Six finalists unveiled for $250K Indianapolis Prize

The finalists for the 2023 Indianapolis Prize: (clockwise from top left) Christophe Boesch, Pablo Borboroglu, Gerardo Ceballos, Biruté Mary Galdikas, Karen Eckert and Gladys Kalema-Zikusok. (Images courtesy of the Indianapolis Zoo)

The Indianapolis Zoological Society Inc. on Wednesday unveiled the six finalists for the Indianapolis Prize, billed as the world’s leading award for animal conservation.

The award—the winner for which will be announced in May—recognizes conservationists who “have achieved major victories in saving an animal species or group of species.” The Indianapolis Zoological Society operates the Indianapolis Zoo.

The finalists were chosen by a nine-person committee with ties to the scientific and conservation communities, the zoological society and the local community.

“The victories achieved by this diverse group of people are remarkable and deserve our attention,” Indianapolis Zoological Society CEO Rob Shumaker said in a media release. “They have dedicated decades of their lives to making an authentic difference for many animal species and demonstrate that one person has the power to make a difference.”

The winner of the Indianapolis Prizes receives $250,000, with the remaining finalists each receiving $50,000. This year’s winner will receive the award during the Indianapolis Prize Gala on Sept. 30.

The 2023 Indianapolis Prize finalists are:

Christophe Boesch (Max Planck Institute of Evolutionary Anthropology; Wild Chimpanzee Foundation, Germany) — A finalist for the 2021 Indianapolis Prize, Boesch is a primatologist dedicated to providing alternatives to bushmeat and applying new technology to great ape conservation, decreasing strain on wild chimpanzee populations. The zoo said he uncovered the effects of rapid deforestation across sub-Saharan Africa and promoted new areas for protecting the remaining chimpanzee populations in Guinea.

Pablo Borboroglu (Global Penguin Society, Argentina) — Borboroglu is the co-founder and leader of the Global Penguin Society, an international conservation coalition for the world’s penguin species. He works to improve penguin colony management through the creation of large, protected areas, including 32 million acres of ocean and coastal habitat.

Gerardo Ceballos (Institute of Ecology, National Autonomous University of Mexico, Mexico) — A finalist for the Indianapolis Prize in 2010, 2014 and 2021, Ceballos is a champion for jaguars in Mexico, conducting the first country-level jaguar census. Ceballos developed successful conservation strategies for endangered mammals in North America, including the black-footed ferret. The zoo said he also was a key proponent in the passage of the Mexico’s Act for Endangered Species, which now protects more than 40,000 animals.

Karen Eckert (Wider Caribbean Sea Turtle Conservation Network, WIDECAST, USA) — As the executive director of WIDECAST, Eckert promotes the recovery and sustainable management of sea turtle populations in more than 40 nations and territories. The zoo said she has helped protect six species of endangered sea turtles and mobilized community and government support in Caribbean nations to fully protect sea turtles.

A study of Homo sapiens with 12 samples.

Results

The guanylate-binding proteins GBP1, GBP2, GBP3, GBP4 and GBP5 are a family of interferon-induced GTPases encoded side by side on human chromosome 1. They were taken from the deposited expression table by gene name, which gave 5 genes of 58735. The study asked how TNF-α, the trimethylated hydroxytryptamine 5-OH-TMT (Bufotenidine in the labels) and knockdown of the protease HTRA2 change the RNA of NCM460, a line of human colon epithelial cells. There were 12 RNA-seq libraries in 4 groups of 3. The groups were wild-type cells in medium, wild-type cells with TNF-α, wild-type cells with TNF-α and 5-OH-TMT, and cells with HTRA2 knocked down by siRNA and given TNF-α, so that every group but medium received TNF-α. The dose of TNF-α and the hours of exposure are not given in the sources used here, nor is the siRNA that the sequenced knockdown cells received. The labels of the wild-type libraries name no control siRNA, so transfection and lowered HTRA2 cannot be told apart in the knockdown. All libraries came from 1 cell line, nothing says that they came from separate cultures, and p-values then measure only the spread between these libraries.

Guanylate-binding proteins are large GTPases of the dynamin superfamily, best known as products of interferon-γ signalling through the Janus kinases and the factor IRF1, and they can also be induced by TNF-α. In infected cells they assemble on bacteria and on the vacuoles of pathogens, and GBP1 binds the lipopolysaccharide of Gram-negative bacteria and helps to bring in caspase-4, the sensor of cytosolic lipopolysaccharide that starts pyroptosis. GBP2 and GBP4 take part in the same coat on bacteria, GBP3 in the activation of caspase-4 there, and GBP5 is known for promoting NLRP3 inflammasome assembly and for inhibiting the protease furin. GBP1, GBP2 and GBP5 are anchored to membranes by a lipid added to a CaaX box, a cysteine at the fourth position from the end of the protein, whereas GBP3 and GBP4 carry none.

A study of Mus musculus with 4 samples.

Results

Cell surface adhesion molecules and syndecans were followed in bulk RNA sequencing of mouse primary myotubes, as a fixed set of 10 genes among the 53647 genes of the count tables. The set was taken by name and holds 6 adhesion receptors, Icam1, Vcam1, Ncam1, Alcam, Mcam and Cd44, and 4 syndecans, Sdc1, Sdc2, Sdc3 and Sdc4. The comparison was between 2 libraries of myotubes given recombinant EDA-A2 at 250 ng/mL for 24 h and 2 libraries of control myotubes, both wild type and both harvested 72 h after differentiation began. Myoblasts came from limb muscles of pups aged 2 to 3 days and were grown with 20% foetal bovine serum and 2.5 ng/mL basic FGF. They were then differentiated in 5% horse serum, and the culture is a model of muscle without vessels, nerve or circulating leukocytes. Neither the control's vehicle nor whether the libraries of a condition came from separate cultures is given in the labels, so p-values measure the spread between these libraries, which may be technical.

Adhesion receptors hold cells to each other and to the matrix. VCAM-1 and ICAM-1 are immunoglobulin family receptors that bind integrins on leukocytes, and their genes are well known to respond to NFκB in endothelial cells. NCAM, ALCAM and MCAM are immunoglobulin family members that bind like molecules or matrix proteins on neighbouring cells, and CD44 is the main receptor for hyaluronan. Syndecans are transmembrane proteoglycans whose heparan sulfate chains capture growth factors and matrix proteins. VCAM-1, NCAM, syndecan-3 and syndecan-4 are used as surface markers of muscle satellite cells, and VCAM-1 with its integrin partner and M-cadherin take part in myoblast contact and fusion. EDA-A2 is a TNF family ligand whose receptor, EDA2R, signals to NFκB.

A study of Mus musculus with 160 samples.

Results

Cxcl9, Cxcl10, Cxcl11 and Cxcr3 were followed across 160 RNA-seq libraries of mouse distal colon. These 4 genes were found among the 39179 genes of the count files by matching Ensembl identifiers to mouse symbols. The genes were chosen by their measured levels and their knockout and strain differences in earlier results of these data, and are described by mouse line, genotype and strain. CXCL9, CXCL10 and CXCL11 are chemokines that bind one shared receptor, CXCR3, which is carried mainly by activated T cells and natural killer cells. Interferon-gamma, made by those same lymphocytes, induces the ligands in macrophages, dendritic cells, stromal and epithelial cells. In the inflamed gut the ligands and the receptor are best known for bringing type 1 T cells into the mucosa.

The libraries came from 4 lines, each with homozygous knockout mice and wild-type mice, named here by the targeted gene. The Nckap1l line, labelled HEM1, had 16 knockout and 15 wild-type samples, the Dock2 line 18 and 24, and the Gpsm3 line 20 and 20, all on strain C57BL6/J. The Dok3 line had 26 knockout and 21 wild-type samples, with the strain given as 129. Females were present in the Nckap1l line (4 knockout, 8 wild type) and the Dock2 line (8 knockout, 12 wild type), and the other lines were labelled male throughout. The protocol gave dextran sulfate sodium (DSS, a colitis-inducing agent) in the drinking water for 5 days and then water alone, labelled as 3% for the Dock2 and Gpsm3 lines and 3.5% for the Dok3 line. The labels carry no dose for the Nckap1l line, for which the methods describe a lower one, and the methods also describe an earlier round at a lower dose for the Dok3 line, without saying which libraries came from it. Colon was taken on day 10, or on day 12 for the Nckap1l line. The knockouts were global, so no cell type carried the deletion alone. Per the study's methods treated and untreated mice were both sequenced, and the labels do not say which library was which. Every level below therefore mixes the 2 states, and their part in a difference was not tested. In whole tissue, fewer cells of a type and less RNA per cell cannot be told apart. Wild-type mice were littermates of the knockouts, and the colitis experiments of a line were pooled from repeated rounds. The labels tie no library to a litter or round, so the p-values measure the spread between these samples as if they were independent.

Biruté Mary Galdikas (Orangutan Foundation International, USA) — The co-founder of Orangutan Foundation International, Galdikas is an orangutan researcher who first documented the long orangutan birth interval and recorded more than 400 types of food consumed by orangutans, providing unprecedented detail about orangutan ecology, according to the zoo. She has contributed to the release of more than 1,000 rehabilitated orangutans into the wild and has rescued and relocated an additional 200 wild orangutans into the wild.

Gladys Kalema-Zikusoka (Conservation Through Public Health, Uganda) — Kalema-Zikusoka promotes conservation by cultivating an understanding of how humans and wildlife can coexist in protected areas in Africa. She is the founder of Conservation Through Public Health, an organization promoting biodiversity conservation by enabling people and wildlife to coexist by improving health and livelihoods in and around Africa’s protected areas.

The Indianapolis Zoological Society this year will also present the inaugural Emerging Conservationist Award to recognize conservationists, biologists and scientists under 40 “working to make strides in saving animal species from extinction.”

The 10 finalists for the award were unveiled last September; the winner will be announced next month and will also receive the award—and the $50,000 prize that comes with it—at the Sept. 30 gala.

Dr. Amanda Vincent was the 2021 Indianapolis prize winner, honored for her work in seahorse conservation. She was supposed to receive the award in 2020, but the presentation was delayed a year due to the pandemic.

Please enable JavaScript to view this content.

Story Continues Below

Editor's note: You can comment on IBJ stories by signing in to your IBJ account. If you have not registered, please sign up for a free account now. Please note our updated comment policy that will govern how comments are moderated.